Fedele Bauccio has long been one of my favorite people in non-commercial foodservice. The CEO of Palo Alto, Calif.-based Bon Appétit Management Co. has passion, not only for food but for a host of environmental and social issues related to food. His passion comes to life in Bon Appétit’s corporate offices and in the scores of B&I and university accounts managed by the company. He has been honored several times for his contributions to the foodservice industry. Most recently he received the Lifetime Achievement Award from the International Association of Culinary Professionals, an organization made up of chefs, restaurateurs, foodservice operators, writers, photographers, stylists, marketers, nutritionists and educators, for his efforts in promoting sustainability in the foodservice industry.
This is the second award Bauccio has received this year, the other being the Leadership Award from the James Beard Foundation, which he shared with Michelle Obama. Last October, he also was given the Pathfinder Award from the Chefs Collaborative.
I called Fedele last week to congratulate him, and, of course, we began talking about sustainability. The conversation began innocently enough, with my asking him about how he defines sustainability. But Fedele never rests—in talking about IACP’s Lifetime Achievement Award he said he hoped the award wasn’t pushing him toward retirement “because there are still many mountains to climb”—and after giving me his company’s current definition of sustainability he explained that he is in the process of rewriting it.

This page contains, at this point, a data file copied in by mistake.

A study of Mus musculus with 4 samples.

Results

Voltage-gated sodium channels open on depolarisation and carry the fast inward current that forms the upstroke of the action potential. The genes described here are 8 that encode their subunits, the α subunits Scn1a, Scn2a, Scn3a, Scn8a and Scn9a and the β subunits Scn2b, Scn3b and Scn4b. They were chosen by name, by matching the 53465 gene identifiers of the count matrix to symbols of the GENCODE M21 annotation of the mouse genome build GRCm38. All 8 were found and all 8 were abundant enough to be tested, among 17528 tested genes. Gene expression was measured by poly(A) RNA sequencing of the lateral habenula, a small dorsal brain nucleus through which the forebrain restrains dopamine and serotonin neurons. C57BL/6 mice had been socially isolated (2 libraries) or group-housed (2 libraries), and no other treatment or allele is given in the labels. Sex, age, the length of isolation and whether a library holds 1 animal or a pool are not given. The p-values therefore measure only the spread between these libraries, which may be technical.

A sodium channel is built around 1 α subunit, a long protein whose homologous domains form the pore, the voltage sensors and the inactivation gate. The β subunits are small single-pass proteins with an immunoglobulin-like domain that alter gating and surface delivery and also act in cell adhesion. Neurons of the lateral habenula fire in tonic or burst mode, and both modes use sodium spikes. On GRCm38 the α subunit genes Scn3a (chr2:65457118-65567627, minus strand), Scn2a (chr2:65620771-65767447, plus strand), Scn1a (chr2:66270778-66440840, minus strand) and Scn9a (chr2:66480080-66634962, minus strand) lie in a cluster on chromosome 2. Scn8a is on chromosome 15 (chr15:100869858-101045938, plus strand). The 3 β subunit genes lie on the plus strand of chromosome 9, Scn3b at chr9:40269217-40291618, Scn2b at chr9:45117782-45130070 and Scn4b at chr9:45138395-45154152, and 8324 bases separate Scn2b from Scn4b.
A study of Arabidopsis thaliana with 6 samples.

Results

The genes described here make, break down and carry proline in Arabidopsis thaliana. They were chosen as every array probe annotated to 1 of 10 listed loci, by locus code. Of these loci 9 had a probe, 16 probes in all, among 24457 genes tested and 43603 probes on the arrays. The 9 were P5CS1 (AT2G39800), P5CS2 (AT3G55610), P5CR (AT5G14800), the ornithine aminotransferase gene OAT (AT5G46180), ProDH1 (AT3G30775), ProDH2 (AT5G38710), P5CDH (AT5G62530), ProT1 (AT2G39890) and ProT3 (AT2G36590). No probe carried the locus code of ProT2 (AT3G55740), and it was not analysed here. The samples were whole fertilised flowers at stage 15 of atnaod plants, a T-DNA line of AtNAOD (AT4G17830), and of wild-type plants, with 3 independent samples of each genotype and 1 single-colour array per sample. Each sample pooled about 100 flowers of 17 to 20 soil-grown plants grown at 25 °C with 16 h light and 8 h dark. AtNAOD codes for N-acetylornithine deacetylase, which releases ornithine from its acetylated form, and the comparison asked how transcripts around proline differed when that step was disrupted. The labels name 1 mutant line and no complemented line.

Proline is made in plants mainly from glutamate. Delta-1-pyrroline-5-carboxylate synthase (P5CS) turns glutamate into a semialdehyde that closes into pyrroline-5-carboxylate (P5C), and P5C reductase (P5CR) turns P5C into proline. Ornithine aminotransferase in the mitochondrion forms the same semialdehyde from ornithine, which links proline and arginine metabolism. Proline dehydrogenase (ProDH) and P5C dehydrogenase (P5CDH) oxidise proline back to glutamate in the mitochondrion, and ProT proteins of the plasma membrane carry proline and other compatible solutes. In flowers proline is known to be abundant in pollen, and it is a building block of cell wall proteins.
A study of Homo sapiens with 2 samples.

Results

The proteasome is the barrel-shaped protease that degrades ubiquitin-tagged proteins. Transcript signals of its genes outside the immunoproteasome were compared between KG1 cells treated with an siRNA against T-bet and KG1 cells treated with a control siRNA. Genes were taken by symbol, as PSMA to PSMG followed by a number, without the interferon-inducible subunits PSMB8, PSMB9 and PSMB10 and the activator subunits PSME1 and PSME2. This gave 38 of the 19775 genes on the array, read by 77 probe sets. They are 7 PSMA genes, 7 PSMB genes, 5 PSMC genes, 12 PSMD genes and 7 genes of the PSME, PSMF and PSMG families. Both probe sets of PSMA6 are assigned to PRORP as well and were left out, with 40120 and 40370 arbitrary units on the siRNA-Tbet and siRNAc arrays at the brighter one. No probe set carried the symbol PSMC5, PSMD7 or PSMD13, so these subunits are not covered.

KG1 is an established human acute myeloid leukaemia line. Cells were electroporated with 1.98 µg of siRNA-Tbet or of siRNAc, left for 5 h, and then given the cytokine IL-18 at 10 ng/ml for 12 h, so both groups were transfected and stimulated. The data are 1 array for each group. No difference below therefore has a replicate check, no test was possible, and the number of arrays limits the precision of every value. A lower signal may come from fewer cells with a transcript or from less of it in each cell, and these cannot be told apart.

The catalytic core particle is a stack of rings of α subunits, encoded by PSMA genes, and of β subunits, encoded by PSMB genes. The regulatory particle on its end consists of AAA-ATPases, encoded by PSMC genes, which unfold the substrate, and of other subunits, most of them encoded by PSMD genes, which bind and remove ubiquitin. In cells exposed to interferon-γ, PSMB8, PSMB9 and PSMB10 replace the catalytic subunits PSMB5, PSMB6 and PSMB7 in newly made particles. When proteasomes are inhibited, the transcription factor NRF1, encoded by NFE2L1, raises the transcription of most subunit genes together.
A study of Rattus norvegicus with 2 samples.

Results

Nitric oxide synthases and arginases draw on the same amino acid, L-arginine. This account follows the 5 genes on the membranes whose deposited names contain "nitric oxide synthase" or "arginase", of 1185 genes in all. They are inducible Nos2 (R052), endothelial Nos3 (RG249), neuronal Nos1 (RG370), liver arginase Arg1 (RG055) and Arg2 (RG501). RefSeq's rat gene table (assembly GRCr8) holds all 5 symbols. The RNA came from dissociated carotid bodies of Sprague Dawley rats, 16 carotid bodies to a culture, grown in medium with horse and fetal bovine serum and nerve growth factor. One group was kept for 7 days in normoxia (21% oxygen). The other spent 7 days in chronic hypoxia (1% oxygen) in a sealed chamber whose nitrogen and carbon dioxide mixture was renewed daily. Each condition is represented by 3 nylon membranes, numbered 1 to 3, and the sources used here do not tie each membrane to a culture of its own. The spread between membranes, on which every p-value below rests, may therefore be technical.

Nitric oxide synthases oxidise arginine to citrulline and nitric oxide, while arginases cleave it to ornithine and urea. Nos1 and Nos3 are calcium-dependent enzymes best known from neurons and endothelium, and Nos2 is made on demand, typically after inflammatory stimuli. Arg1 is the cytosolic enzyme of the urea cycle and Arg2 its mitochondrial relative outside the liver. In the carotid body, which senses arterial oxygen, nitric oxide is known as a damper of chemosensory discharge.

“We are updating it to include the issues of public health, with the issue of antibiotics, animal welfare and farm workers’ rights,” he explained, “because you can’t talk about sustainability unless you talk about those things.”
Fedele went on to say that he is excited about the number of companies and institutions that practice sustainability in one form or another, “and they’re not just paying lip service to it.”
“But there is a lot of work to be done,” he added. “We have a broken agricultural system in this country and we need to come up with a much ore sustainable agricultural system. We need one that is more of an ecological model, one that is environmentally sound, financial viable and socially equitable.”
More of Fedele thoughts will be found in our May cover story on the environment.